When working on the visuals of my project THE BALLAST I was thinking of the peculiarities of the weight of art. The artist carries a unique burden in which he has to work within the world and at the same time has to seek entry points into new worlds. It reminds me of the scripture that advises one to, “be in the world but not of this world.” The artist desperately seeks to carry out the seemingly impossible task of relating simultaneously to his object and subject, and yet being neither subject nor object. It is akin to looking into a mirror and seeing yourself as the object, and as you are thinking of yourself immediately you become the subject (and vice-versa): “now you see me, now you don’t”. It is within this paradox of rigidity and fluidity that I question our place of balance. In THE BALLAST I have taken the point of view not of the experience of a solidified state or a state of fluidity, but of being a witness to the struggle and the feat of being in flux between the two.
Despite the apparent impermeability of a rock and its ability to brace itself against the elements, it slowly and imperceptibly erodes. A rock also presents functionality and stability. If I pile enough rocks in the belly of a seagoing vessel, it will stay below the water level, a compensator for buoyancy. On another plane, a rock brings forth life, if one accepts that our planet is a functional, yet slowly eroding rock. We cannot separate ourselves from the environment we exist in, and on. But as we cling to this rock of ages we are also floating in space, just as the rocks in the hull of an oceangoing vessel – we have learned to float through time and the universe. As any survivalist knows, with nothing to cling to in a rapidly moving body of water, we need to give ourselves over to the stream to stay buoyant and prevent drowning – exactly the situation of faith. But this weight that brings us movement can also bring forth stagnation (or worse) if the load keeps accumulating and the liberty of continuance is stripped away. What is the path of liberation when the ballast is pulling you under the water level? The Buddhists believe that achieving liberation is two-fold, by letting go and letting go into something. Letting go into something, perhaps, has less to do with willing or creating than it does with allowing. For example, leaving home at a young age is akin to surrendering to a rapidly moving body of water, to allow yourself new, future possibilities – letting go, into something.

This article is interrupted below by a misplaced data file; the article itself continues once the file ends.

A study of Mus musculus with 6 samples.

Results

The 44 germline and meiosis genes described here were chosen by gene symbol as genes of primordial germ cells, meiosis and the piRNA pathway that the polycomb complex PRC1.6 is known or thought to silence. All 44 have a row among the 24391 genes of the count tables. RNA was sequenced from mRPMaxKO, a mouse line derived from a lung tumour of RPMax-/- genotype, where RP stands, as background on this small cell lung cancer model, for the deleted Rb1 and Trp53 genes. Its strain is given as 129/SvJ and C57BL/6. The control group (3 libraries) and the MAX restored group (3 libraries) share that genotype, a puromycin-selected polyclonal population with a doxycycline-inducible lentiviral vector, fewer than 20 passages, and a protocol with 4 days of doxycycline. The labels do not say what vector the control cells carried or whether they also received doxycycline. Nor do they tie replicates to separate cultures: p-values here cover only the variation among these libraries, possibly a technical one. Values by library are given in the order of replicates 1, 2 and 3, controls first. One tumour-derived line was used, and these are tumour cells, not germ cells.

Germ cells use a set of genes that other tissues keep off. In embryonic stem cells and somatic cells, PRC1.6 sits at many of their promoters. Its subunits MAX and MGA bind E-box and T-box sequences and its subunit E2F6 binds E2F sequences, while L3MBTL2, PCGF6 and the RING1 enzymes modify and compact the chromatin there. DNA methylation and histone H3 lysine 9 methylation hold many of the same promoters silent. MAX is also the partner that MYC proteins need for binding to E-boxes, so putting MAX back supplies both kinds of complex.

Allowing myself as an artist to have faith and giving over to my subconscious I can let go of the right amount of weight to keep myself relevant and sturdy in the given moment. To keep this ambiguous balance, I believe one has to, “keep standing in the middle of all this”, to be tucked and pulled without stopping observing what is tucking and pulling you.
THE BALLAST is built from these intermingling dualities of real experiences and it touches upon the domestic as well as the epic. How when we are in flux, our observations of the world are renewed from any new point as it can be regarded as the center, and where all positions are relative. A transcendental trickery where we can paradoxically deconstruct boundaries and unify all divisions. Thomas Tranströmer spoke of the effect of art on the artist and viewer as, ”a house of glass standing on a slope; rocks are flying, rocks are rolling. The rocks roll straight through the house but every pane of glass is still whole.”